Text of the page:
COVID Card #44.5

June 19, 2020 | 0 comments

Today’s COVID Card is another in the mini-series celebrating airmail. Today, I share the story (as told here) of Katherine Stinson.

In 1912, at the age of 21, Katherine Stinson became the fourth woman in the United States to earn her pilot’s license. The next year, she became the first woman to fly the U.S. Mail when she dropped mailbags from her plane at the Montana State Fair. Dubbed the “Flying Schoolgirl,” she captivated audiences worldwide with her youthful looks, long brown curls, and fearless feats of aerial derring-do. In 1917, she set a non-stop long-distance endurance record, flying from San Diego to San Francisco in 9 hours and 10 minutes. In 1918, she became the first woman to fly an experimental mail route from Chicago to New York, as well as the first woman to fly the regular route from New York to Washington, D.C.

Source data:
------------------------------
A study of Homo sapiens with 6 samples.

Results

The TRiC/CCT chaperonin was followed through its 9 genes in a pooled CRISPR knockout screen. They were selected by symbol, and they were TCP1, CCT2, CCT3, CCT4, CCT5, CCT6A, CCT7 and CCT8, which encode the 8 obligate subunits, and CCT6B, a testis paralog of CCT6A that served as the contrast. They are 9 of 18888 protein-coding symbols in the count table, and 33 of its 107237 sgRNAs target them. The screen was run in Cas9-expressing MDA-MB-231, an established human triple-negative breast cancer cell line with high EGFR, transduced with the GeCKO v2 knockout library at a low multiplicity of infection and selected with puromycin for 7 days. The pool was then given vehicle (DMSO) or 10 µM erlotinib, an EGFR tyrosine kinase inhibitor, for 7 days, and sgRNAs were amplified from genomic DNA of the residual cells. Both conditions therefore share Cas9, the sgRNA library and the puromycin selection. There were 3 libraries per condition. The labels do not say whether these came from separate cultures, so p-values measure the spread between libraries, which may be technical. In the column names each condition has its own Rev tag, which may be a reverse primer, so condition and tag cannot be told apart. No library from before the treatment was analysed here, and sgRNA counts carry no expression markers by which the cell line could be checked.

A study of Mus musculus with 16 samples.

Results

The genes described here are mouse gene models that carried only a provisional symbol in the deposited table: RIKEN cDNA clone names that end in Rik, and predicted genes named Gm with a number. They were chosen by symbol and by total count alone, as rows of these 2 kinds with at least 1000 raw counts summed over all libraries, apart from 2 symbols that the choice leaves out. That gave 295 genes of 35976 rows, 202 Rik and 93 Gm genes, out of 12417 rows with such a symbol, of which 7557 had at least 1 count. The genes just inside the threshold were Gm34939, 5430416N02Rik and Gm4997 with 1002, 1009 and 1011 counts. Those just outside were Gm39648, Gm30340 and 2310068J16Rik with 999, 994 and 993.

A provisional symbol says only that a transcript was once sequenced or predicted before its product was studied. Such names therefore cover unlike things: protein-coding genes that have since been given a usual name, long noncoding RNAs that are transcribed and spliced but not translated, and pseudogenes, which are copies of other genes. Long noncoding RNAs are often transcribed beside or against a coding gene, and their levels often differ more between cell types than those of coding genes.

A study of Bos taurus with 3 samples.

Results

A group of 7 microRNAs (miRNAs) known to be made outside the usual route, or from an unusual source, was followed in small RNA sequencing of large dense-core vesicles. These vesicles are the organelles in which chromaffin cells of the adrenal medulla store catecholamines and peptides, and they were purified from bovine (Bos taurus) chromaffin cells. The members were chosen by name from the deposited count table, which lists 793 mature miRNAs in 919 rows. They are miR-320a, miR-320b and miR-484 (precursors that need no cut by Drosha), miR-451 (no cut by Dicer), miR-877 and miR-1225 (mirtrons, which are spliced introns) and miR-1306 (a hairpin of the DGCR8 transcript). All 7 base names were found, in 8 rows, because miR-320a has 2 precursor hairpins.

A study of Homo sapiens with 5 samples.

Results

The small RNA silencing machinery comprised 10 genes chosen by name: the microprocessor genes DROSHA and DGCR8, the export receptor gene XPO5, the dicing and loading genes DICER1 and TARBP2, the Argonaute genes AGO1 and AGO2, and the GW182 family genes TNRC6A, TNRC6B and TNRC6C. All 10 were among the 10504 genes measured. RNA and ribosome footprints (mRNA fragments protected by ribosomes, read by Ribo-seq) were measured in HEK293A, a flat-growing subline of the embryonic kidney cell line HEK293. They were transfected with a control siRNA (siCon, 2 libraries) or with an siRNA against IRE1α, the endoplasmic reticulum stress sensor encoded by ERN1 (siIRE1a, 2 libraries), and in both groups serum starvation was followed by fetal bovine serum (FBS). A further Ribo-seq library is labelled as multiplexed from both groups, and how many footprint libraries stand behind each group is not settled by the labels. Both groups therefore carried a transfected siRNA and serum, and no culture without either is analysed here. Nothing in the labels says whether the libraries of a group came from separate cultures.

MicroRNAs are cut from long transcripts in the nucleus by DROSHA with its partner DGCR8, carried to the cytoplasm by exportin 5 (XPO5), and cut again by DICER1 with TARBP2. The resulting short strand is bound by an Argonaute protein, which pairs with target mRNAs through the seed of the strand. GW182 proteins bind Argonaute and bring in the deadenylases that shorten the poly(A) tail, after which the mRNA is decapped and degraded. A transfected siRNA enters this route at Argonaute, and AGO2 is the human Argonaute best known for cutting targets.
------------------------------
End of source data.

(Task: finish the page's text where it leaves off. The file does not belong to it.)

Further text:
Of course, this 21 year old female pilot was described as a “school girl” and more focus seemed to be on her charming “do” than her “derring-dos.” Not much has changed, really. Thank you, Katherine Stinson, you will always be a bad-ass to me!

Cards 1-100

To learn more about any of the first 100 cards, select a number from the list below.


The United States Postal Service has been hit hard by the pandemic. Controlling elements of the Federal Government (the president and Republican Senate) do not want to provide aid to the service. So, it’s up to us. It may seem insignificant, but if we all sent just a few letters a week, we could help ensure that our daily, free mail delivery service continues. For the past (see the card number above) days, I have drawn a card each day and mailed it to someone the next day (none are sent on Sundays; two are sent on Mondays). Please consider mailing cards and letters while we still can for 55 cents (first class letter postage). If the USPS fails, you could find it costs $8 or more to send a letter. And that’s just one of the ways we will all lose if the USPS shuts down.